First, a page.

REVIEW: by Becky Hotchin

IN THE saturated Christmas panto market Milford Haven’s Torch Theatre has come up with a gentler offering this year; the Christmas play Pinocchio.

Still offering a good deal of audience participation and a selection of superb songs Pinocchio begins with clever use of puppetry to set the scene and tell Geppetto’s back-story.

The puppetry continues throughout the show with a soaring seagull, a dramatic performance at Ravenelli’s theatre and crab puppets singing under the sea.

Geppetto ages thanks to a subtle swop of actors to become the lonely old man, poor and hungry fishing for his tea in a shack by the sea until a blue haired “fairy”, played beautifully by the honey-voiced Jodie Micciche, changes his luck.

Pinocchio comes to life, followed quickly by the entrance of the evil duo Freddi Fox and Felina. A little too quickly I felt as there was no time to establish a rapport between the puppet and his papa before this fiendish furry twosome took to the stage.

Freddie, played by the Torch’s usual dame Dion Davies, and his feline sidekick, played to perfection by Emma Hirons, punctuate the show with their incompetent villainy, great comic timing and a selection of songs and dances. They are a great pair of characters and I got the feeling that, as the public run progresses, there will be more interaction between them and the audience.

Another brilliantly-played beastie was Cricket, in an eye-catching costume and with superb stage presence, Kayed Mohamed-Mason really gave this character some oomph. His entrances and exits were dramatic and his camp Italian rendition of the character highly entertaining.

Mohamed-Mason’s other character, Lampwick, had a great musical number with a variety of styles which led Pinocchio off the straight and narrow. I did feel like he needed a bit more interaction with the audience though; we were part of his posse, he told Pinocchio. I felt like there could have been some interaction with the audience to make us part of his gang.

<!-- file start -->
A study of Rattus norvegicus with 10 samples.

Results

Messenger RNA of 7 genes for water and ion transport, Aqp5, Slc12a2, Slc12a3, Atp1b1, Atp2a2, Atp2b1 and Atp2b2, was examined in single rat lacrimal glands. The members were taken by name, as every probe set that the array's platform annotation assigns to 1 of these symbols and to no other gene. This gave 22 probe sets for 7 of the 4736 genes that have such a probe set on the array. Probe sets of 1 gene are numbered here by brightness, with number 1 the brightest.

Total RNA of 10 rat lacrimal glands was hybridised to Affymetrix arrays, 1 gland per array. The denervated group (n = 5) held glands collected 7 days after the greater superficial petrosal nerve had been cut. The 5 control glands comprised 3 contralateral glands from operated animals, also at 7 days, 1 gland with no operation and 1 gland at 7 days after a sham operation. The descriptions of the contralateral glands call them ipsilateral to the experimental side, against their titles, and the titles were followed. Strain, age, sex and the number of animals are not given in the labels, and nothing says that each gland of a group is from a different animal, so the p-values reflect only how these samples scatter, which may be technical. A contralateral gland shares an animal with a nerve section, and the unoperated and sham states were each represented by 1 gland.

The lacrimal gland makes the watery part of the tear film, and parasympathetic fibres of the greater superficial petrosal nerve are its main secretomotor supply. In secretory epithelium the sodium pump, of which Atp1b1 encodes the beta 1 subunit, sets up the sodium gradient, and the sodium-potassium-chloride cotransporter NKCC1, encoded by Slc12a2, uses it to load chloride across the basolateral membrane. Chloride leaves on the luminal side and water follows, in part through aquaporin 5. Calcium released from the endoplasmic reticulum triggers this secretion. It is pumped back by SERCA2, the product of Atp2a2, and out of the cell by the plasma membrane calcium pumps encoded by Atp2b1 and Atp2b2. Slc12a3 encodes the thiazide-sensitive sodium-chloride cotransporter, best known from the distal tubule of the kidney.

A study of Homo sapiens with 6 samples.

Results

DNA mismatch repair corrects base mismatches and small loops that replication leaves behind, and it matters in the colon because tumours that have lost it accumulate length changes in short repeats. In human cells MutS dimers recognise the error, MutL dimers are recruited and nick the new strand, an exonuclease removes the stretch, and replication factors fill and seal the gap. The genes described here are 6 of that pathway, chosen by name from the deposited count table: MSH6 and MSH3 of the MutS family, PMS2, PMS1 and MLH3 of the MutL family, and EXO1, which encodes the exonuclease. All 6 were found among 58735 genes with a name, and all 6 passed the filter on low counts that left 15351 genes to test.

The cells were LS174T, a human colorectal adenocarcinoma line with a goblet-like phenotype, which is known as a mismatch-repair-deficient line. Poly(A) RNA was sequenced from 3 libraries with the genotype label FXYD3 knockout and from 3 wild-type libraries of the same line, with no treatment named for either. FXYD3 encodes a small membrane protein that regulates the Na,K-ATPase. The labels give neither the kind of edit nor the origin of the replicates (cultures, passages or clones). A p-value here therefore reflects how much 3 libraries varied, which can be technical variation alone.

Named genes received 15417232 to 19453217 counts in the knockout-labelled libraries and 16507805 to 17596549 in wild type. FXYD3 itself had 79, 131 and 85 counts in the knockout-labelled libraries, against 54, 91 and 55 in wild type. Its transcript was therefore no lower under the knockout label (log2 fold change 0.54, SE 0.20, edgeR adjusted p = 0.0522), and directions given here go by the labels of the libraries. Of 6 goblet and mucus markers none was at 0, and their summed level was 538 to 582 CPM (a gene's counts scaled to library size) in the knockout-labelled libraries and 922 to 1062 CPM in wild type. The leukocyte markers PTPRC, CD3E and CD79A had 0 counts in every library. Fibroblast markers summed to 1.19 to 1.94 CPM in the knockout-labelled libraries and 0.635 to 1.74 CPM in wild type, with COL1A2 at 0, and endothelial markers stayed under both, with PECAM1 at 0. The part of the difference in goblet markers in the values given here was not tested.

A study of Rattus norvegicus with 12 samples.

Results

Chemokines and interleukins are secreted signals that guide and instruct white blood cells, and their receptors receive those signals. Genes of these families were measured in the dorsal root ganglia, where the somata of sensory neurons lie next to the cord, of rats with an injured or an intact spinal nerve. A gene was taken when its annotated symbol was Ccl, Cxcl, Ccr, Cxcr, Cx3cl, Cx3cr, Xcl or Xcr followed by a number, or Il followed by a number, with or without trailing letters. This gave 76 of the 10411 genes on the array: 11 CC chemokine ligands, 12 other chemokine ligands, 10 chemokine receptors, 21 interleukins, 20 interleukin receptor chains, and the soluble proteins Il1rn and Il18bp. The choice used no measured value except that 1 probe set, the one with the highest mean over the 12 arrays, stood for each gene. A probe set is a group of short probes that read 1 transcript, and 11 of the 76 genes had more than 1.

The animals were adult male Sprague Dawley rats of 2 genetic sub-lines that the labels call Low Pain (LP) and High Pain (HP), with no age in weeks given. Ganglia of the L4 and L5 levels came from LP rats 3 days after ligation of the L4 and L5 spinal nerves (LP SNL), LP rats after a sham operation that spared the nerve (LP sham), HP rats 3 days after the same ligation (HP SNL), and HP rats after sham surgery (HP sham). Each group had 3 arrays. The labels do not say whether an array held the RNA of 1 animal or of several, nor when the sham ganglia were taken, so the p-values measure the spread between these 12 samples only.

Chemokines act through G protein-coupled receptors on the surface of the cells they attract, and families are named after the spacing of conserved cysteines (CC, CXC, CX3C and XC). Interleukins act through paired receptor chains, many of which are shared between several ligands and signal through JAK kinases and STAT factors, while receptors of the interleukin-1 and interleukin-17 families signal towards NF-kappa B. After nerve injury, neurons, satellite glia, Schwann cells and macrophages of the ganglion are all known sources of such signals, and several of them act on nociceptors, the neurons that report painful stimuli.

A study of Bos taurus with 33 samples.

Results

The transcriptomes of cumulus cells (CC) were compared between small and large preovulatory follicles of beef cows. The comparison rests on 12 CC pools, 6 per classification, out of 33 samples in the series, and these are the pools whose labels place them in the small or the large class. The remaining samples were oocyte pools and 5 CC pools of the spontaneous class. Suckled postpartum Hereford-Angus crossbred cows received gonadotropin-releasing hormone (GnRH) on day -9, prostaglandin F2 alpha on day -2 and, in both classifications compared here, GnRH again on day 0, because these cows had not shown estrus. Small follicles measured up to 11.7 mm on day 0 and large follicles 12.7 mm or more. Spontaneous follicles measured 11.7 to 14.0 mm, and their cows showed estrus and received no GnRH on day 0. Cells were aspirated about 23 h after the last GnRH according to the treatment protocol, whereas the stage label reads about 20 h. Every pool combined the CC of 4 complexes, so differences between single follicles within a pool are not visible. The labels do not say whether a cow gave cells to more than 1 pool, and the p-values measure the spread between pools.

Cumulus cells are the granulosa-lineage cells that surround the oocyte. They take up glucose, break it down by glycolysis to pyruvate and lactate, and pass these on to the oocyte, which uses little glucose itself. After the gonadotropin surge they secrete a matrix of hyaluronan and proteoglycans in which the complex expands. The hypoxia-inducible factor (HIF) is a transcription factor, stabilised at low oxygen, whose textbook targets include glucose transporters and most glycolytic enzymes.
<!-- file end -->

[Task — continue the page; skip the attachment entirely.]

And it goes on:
Will Taylor played a great Pinocchio, conveying the vulnerability, naivety and optimism of out hero through wide-eyed expressions and subtle physicality.

The energy stepped up in the second half with the audience joining Freddie in his Feeling Foxy number and an intensely creepy toy town with the versatile Dudley Rodgers, who also played Geppetto and Ravanelli, as the spooky MC.

There was a clever transformation of Pinocchio and Lampwick into donkeys and an eye-catching under water scene where a suspended Pinocchio learns to swim.

The insides of the man-eating shark were cleverly rendered onto the stage, and praise must go to Sean Crowley, for his stunning design. The production looked fantastic – from Geppetto’s shack to the stylised money tree and the eerie ambience of Toytown.

Inside the shark there was a dramatic (sword) fish fight that my five-year-old absolutely adored and some more great characterisation from Felina and Freddie Fox.

Pinocchio ends with huge dose of feelgood factor; a beautifully sung chorus number wishing the audience a happy Christmas while the stage snow falls. It is during this number you realise what a small cast the play involves and how versatile the actors have been.

Perhaps the last word of this review should go to the five-year-old. The day after our visit I asked him what he thought of Pinocchio. His answer, a resounding “I loved it”.